Few people know that Harvard owns a hotel—or, in the words of a half-dozen corrections issued by The Harvard Crimson, owns a building that houses a hotel. The building is a nondescript DoubleTree Suites by Hilton at 400 Soldiers Field Road in Boston. Suite windows look over the ugly highway at the Charles River, toward the Harvard undergraduate campus in Cambridge. On the October day I stayed there, the Boston chill had just set in. The DoubleTree brand is represented by a much-touted “DoubleTree by Hilton” cookie, which I received in a lobby crowned with a jumble of shiny metal hanging from the ceiling and adjacent to a lounge with leather armchairs and art books. The rooms are arranged in a square around an open atrium, 15 floors high. To ascend, you step into a glass elevator that shoots you up through the middle, past floor after floor where all you see are dozens of housekeeping carts, piled six-feet-high with cleaning supplies, sheets, and comforters, being pushed door-to-door by discreet women in gray uniforms.
Harvard bought 400 Soldiers Field Road in 2005, when Jack R. Meyer, the famously successful CEO of the Harvard Management Corporation, was at his peak, guiding Harvard’s massive $37 billion endowment away from conservative stocks and bonds and into a diverse range of financial investments. Harvard bought real estate, bet on commodities like timber (at one point, Meyer had three professional lumberjacks on hand to advise him), and snapped up foreign and emerging stocks. Harvard is unusual in that it manages much of its endowment internally and has become a microcosm of capital itself, with high-paid fund managers—two of Meyer’s deputies made $25 million a year—and a mission to return annual gains of a few billion dollars. The endowment dwarfs the actual school, financially; just the endowment’s growth in 2014 was larger than the entire operating expenses of the university. Practically speaking, Harvard is a massive investment corporation with a relatively small amount of education attached.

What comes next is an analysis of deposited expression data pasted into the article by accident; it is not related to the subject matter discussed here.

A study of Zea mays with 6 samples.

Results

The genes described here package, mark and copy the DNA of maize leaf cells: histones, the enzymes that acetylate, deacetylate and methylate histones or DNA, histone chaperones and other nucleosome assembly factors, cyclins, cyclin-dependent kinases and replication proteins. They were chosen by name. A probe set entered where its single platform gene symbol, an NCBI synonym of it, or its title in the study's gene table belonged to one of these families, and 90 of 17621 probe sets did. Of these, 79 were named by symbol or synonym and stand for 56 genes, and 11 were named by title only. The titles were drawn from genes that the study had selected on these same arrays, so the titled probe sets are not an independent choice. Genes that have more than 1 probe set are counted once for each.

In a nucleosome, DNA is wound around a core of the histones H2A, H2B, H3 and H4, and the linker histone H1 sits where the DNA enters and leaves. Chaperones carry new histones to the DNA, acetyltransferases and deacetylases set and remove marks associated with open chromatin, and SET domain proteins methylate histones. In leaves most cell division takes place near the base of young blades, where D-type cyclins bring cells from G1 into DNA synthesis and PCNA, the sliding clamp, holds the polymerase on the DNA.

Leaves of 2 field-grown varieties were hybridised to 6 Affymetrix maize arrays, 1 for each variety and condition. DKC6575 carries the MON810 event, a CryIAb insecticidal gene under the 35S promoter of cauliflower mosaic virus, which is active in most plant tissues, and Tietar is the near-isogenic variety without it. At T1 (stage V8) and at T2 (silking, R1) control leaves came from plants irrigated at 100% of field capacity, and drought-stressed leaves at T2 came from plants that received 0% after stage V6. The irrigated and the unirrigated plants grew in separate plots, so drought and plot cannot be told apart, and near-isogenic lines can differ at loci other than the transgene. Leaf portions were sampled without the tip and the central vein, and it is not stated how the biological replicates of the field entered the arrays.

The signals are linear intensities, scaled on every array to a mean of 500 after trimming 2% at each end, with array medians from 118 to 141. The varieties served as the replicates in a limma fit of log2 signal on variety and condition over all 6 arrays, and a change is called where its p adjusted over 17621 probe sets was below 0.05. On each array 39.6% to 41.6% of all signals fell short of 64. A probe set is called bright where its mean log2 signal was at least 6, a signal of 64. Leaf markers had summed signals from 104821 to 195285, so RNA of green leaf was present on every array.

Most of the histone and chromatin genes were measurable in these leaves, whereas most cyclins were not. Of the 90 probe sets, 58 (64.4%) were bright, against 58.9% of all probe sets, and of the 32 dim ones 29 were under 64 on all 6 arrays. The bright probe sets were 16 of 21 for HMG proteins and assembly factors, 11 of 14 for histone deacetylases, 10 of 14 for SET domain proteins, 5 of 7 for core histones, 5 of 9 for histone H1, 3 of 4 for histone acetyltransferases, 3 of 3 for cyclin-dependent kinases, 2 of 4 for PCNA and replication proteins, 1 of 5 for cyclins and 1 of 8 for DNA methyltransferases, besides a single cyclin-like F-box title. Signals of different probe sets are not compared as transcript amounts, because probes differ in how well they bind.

VIDEO: How housekeepers took on Harvard—and won.
This endowment is perpetually bolstered by its high-caliber graduates, who maintain Harvard’s reputation as a training ground for American power. Influential people across the political spectrum attended Harvard, from Steve Bannon on the populist right, to Jared Kushner on the country-club right, to Obama on the centrist left. Elizabeth Warren, progressive Democrats’ favorite candidate, didn’t go there—but she did teach at Harvard Law School. Since integrating women in 1977, the university has produced not only our most powerful men but also some powerful women, though it continues to experience its share of controversy over sexism on campus and in the classroom. (The current Harvard president, Drew Faust, is the university’s first female president and has tried to address that problem, especially at the business school.) Before Trump, the last time an American president had not attended Harvard or Yale was 1989.